Ecuador is home to Yasuní National Park, officially the most biodiverse area of land on Earth. So full of weird and wonderful species is this one small patch of jungle, that some naturalists claim to discover a brand new species every time they go into the forest.
Sadly, like much of the Amazon, Yasuní is under threat. A scheme by President Correa to raise enough money to save the region from oil prospectors failed miserably, and work will begin soon to exploit Yasuní’s massive underground oil fields. Ecuador’s natural wonders are second to none, but make sure you see them soon - they won’t be around forever.
Here’s where to see the very best of Ecuador’s dazzling wildlife.
The Oriente region of Ecuador is almost overpowering to the senses after the cold nights and thin air of Quito. Hot, sticky and filled with thousands of square miles of dense undergrowth (the region makes up more than half of Ecuador’s total area), you wouldn’t want to live here. But these forests are where the vast majority of Ecuador’s wildlife makes its home. As such, the Amazon region is an incredible place to see things you’ve never seen before in the wild including tapirs, sloths, tree frogs, macaws and if you’re really lucky, jaguars.
The Oriente is, as you’d expect, difficult to get to. Your best bet is to organise a tour from Quito where you’ll be flown to one of the small, ugly oil towns like Lago Agrio or Coca. You’ll then be transported by bus or canoe into one of the reserves (Yasuní and Cuyabeno are best) where ecolodges are run. These offer pretty much your only opportunity to stay within the rainforest. They all offer tours, with some guides better than others. It’s also possible to travel independently by bus, and later boat, into the Oriente, though it’s considerably more difficult.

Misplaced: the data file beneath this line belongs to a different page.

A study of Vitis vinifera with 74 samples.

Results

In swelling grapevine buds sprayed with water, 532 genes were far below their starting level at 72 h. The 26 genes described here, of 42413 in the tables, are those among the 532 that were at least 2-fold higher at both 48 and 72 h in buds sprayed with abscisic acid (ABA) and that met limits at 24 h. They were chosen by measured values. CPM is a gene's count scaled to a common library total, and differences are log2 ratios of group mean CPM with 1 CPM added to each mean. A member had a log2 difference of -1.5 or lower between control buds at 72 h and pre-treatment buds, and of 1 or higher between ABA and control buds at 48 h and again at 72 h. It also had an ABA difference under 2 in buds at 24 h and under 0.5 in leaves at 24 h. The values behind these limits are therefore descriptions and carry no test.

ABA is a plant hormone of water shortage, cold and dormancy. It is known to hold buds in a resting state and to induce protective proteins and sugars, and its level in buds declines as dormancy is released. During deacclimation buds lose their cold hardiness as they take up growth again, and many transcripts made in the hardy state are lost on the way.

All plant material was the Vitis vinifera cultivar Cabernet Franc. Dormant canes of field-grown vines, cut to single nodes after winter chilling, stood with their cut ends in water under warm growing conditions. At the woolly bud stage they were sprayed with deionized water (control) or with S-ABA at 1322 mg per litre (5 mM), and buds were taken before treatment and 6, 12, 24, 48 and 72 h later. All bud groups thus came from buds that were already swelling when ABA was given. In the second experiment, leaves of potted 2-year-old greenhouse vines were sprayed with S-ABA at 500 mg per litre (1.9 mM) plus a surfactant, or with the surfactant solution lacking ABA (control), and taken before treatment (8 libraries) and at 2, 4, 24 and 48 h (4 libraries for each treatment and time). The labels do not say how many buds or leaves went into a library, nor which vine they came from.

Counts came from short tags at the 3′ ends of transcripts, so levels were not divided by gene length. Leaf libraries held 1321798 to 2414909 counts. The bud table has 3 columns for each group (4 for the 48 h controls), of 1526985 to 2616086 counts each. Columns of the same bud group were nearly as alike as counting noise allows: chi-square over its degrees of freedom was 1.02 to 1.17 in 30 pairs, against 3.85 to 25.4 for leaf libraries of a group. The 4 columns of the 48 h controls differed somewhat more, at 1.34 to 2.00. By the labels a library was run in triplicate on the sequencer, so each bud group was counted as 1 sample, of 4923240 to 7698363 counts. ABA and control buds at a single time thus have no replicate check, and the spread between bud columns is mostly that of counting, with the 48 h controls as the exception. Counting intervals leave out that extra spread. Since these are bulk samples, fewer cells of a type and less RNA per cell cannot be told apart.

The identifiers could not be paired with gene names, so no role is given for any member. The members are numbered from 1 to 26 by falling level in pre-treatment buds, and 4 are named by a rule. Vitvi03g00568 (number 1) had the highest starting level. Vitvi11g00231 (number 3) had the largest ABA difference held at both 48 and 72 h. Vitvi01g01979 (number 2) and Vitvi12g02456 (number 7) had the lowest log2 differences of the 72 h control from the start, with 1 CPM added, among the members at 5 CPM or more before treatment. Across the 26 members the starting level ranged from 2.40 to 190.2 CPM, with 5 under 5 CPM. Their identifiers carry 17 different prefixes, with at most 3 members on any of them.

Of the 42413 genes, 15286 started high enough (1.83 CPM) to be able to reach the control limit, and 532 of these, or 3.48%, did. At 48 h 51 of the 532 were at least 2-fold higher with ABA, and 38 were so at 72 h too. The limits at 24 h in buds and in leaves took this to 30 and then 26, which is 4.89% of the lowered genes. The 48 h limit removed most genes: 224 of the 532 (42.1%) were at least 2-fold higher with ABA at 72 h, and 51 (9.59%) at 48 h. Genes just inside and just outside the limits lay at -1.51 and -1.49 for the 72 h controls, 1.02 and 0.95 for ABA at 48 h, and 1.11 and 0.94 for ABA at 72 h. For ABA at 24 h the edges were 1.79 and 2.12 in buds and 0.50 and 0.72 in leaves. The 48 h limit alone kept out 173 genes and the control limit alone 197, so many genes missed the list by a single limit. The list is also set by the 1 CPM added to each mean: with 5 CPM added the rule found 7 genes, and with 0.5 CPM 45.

The Pichincha cloud forests
Within an hour of central Quito it’s possible to see some of the world’s most beguiling species of bird. Being at lower altitude than Quito, higher temperatures and plenty of rain allows plants to thrive and, through this, some of the world’s most colourful avian species have evolved here - the region contains 20% of the world’s bird biodiversity. Don’t expect to see too many mammals, - you won’t - but you can count on seeing Toucans, Quetzals, Trogons, Barbets and up to fifteen types of hummingbird.
Don’t miss out on the opportunity to watch the bright orange Andean Cock-of-the-rock performing at an early-morning ‘lek’ to attract females. This involves an elaborate ritual where males effectively dance and squark in the hope that a female will arrive. If she does, the lek goes beserk - a spectacle that needs to be seen to be believed. If you’re lucky, you’ll also see the Olinguito, a recently discovered relative of the Kinkajou, and the first new mammal to be discovered in the Americas for 35 years.
The area around Mindo is best for accommodation and there are various birding lodges in the surrounding area. It’s easy to reach from Quito by bus. If you’re staying at a more remote lodge, your hotel may provide transport. Failing this, it’s possible to hire a pick-up truck in Mindo.
The Galapagos Islands
Galapagos tours can be expensive (most cost around $3,000 for 8-10 days), but due to the strict and necessary conservation status of the islands, there’s no other way to visit. If it’s within your budget, make sure you go at least once - the experience is truly unforgettable.
It’s not so much the beauty and colour of wildlife on display here that amazes visitors, but rather the incredible tameness of the animals, many of whom will let you walk right up to them. Most Galapagos species have no natural predators and so are completely fearless. It’s also through learning about the Galapagos Islands, so important to Darwin’s theoretical development, that you really get the most out of a trip here. That means paying a little extra can bring dividends. The higher the tour price, the better your guide’s knowledge will be. Most tours will be designed to give you a full sense of the islands’ diversity and will allow you to see a range of flora and fauna not found anywhere else on the planet.
Most people fly into the islands, landing at the small airstrip on Baltra Island from where the majority of tours start.